Industrial actors have a major role to play in global efforts to cut carbon emissions, but how can industry satisfy its rising energy needs while meeting climate targets? The answer is energy efficiency through data. Read more to find out how.

Enterprise Customer Success Manager, Opendatasoft

These data show that industrial actors have a major role to play in global efforts to cut carbon emissions. But how can industry satisfy its rising energy needs while meeting climate targets? The answer is energy efficiency, a paradigm that prompts companies to do more with less energy.

Data is a perfect ally in this quest. Collected by sensors, interpreted with analytics, and plugged into predictive models, data can lead to energy savings by spotting inefficient processes, optimizing production and logistics scheduling, and anticipating maintenance needs. Data also allows to adjust demand to energy price and availability, refine temperature management and even reduce R&D costs by enabling virtual testing and modelling of machines, processes, and plants with digital twins.

Let’s have a look at how smart factories around the world are piloting these and other data solutions!


A petrochemical site in Belgium is also using data analytics to improve energy efficiency. The monitoring of real-time data on rotating equipment allows the Antwerp plant to assess compressor and pump efficiency to identify power saving potential, while the modelling of historical operational performance data enables better maintenance scheduling. Live data also contributes to plant safety by benchmarking hazardous chemicals levels against equipment limits.

In Malaysia, an oil re-refinery that transforms waste oil into useful products such as gasoline, diesel, and petrol, went even further, cutting the emissions not only of its processes but also of its products. Thanks to a data-driven process optimization framework, the Banting site managed to reduce its energy consumption, while also improving product yield (+55.5%), quality (+20.6%) and environmental footprint (-90.89% in Acidification Potential and -3.42% in Global Warming Potential).


Data is also crucial in shifting the energy mix towards renewable sources. On the tropical island of Réunion, electricity provider EDF-SEI publishes real-time data on production sources and orients electric car charging towards hours when the electricity mix is less carbon-intensive or when consumption is lowest. To this end, the company sends charging stations a signal:  1 when the moment is favorable for charging (during sunlight or at night), and 0r when it’s unfavorable (usually at peak hours early in the evening).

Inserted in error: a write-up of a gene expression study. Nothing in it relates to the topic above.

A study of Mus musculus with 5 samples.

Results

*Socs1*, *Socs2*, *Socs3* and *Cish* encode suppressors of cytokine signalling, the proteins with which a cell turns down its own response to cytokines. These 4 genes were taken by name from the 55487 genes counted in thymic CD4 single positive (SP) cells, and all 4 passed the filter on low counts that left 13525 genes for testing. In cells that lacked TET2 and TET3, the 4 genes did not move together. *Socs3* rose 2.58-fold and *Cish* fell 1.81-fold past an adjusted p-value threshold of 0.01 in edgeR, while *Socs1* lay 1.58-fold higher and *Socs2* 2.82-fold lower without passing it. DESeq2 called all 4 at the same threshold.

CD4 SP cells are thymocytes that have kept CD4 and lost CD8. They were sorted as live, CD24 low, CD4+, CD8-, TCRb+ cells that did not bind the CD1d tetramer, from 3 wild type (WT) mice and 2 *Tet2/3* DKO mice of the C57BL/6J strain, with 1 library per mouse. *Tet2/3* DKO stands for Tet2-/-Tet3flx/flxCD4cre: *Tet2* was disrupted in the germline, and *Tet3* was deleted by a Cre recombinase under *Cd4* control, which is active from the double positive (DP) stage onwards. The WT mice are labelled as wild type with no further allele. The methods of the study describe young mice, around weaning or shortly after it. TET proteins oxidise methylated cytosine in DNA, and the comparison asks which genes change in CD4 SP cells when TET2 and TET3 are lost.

The intermittency of renewable energy is also a key driver of the data strategy of EDP, the world’s fourth largest producer of wind energy. In 2018 the Portuguese energy giant opened its operational data to the public, offering monetary prizes to students, researchers and professionals that succeed in reusing them to solve the company’s energy efficiency challenges.


A steel mill in Canada, for example, piloted a scheduling-sequencing algorithm that increased the heating efficiency and energy savings of reheating furnaces. This data-driven solution also improved the stability, quality, and capacity of hot rolling operations, leading the Ontario site to save $1.2 million CAD a year.

Heating management is also at the core of a recent study that relies on process data from a steel plant in Spain to forecast hot metal temperature in a Basic Oxygen Furnace, thus reducing the energy use and environmental footprint of steelmaking, while also cutting costs and rising productivity.

Data is also key to inform management decisions. A crude iron manufacturing site in India, for instance, plugged monthly energy consumption and greenhouse gas (GHG) emission data into a statistical model to predict energy consumption and GHG emissions in order to upgrade its pollution control technology.

Data-driven industrial energy management is still in its early days, but it’s already delivering very promising results in terms of energy efficiency and carbon emissions reduction. Improvements in data acquisition techniques, the standardization of data formats within and across companies and the creation of corporate data cultures will allow industry to fully reap the energy-saving benefits of digitization.